Wall-mounted bicycle storage firm Cycloc is to cease production, with its founder citing the impact of Brexit as one of the principal reasons for the decision.
The company, which has been in business for 17 years, announced yesterday that it would stop manufacturing its award-winning products, which have proved popular among both individuals and businesses for storing bicycles, and would also close its UK warehouse.
In a statement, company founder Andrew Lang, who is also its principal designer, said: “This was an incredibly difficult decision to make, particularly as we have a development pipeline of new products, but it was personally important to me to wind operations down whilst the company is still solvent and without owing creditors.
“I’m having to press pause for now to take some time away and evaluate what form Cycloc might be able to take in the future.”
Providing further background to the decision in a video posted to YouTube and addressed to the company’s customers, partners, distributors and retailers, he said: “Over the past 15 years, I’ve had the pleasure of meeting and speaking directly with many of you about our shared passion of cycling.
“As most of you will be aware the last few years of trading have been extremely challenging for the cycling industry, something we have not been immune to. We have faced rising operation costs alongside negative impacts of COVID and increased barriers to selling in the EU as a result of Brexit, something that has been magnified by our wish to continue to manufacture in the UK.
“What you may not be aware of is that Cycloc is an entirely self-funded venture. Its growth has been organic. There are no external investors and our funding sources are finite. This means we now find ourselves with no choice but to cease manufacture and close our UK warehouse operations.
This was an incredibly difficult decision to make, particularly as we have a development pipeline of new products, but it's personally important to me to do this while we remain solvent and with no creditors.”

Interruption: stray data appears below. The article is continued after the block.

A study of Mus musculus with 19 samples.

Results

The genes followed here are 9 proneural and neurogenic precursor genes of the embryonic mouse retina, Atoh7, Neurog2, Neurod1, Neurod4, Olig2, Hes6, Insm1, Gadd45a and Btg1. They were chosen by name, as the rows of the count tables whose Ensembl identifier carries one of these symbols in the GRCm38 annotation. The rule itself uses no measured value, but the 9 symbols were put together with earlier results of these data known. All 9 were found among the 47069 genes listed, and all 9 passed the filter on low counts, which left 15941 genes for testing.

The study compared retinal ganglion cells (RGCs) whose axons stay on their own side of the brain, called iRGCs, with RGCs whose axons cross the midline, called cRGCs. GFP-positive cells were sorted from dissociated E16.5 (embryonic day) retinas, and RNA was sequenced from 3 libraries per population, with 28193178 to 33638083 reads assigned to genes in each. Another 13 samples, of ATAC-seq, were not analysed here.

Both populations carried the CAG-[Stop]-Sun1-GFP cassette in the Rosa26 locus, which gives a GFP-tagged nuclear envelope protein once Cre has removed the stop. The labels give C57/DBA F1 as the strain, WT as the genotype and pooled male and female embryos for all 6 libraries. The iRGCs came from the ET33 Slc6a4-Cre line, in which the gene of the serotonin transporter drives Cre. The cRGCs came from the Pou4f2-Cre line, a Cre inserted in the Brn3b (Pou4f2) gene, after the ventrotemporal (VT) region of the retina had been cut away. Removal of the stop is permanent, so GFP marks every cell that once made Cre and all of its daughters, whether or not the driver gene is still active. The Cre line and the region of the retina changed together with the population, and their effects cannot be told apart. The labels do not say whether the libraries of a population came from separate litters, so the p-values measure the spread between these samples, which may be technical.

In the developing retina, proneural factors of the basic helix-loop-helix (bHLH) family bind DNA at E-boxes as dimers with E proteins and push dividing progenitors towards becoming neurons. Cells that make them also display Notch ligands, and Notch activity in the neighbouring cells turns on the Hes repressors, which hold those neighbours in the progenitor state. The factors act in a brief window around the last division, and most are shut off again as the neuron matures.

He added: “We will continue to sell through our existing website while stocks remain available, and I want to assure our customers that our support lines will remain operational.”
In an article published in the Guardian earlier this year, Cycloc revealed that the United Kingdom’s departure from the European Union, which prior to Brexit accounted for 50 per cent of its business, had cost it a quarter of its turnover.
He said it was “very difficult to be positive” about the situation, citing “Kafkaesque” rules introduced for trading with EU member states.
Underlining that the company remained committed to making its products in the UK, he said: “"It is very disappointing. I am a naturally optimistic person, but in a sense it is very difficult to be positive.
“One of the things that is quite disappointing about this whole process is that from the outset, we made an active decision to manufacture in the UK.
“We’ve remained faithful to that and it feels as though the UK government hasn’t necessarily helped us.”
“We have about half a dozen products in the pipeline that are in a very advanced stage but we've not been able to commit the capital to bring those to the market yet because of the other Brexit costs and problems we’ve been confronted with.”
The company’s head of operations, Clare Lowe, added that there was also an issue with some “EU distributors stopping placing orders, citing cost of shipping and customs clearance as prohibitive.”
The company opened a warehouse in the Netherlands in an attempt to reduce the administrative burden, with paperwork only needing to be completed for each truckload arriving from the UK, rather than for individual orders to EU customers dispatched directly.
Even then, the financial burden proved too onerous, and with Lowe saying that it was clear that sales to the EU were “not going to recover to their pre-Brexit levels,” the facility would have continued operating at a loss.
“To say the Brexit process was gritty is an understatement,” she explained. “Within 12 months of having got it up and running, we just had to take this decision to close it because it wasn't covering its costs,” she added.
Simon joined road.cc as news editor in 2009 and is now the site’s community editor, acting as a link between the team producing the content and our readers. A law and languages graduate, published translator and former retail analyst, he has reported on issues as diverse as cycling-related court cases, anti-doping investigations, the latest developments in the bike industry and the sport’s biggest races. Now back in London full-time after 15 years living in Oxford and Cambridge, he loves cycling along the Thames but misses having his former riding buddy, Elodie the miniature schnauzer, in the basket in front of him.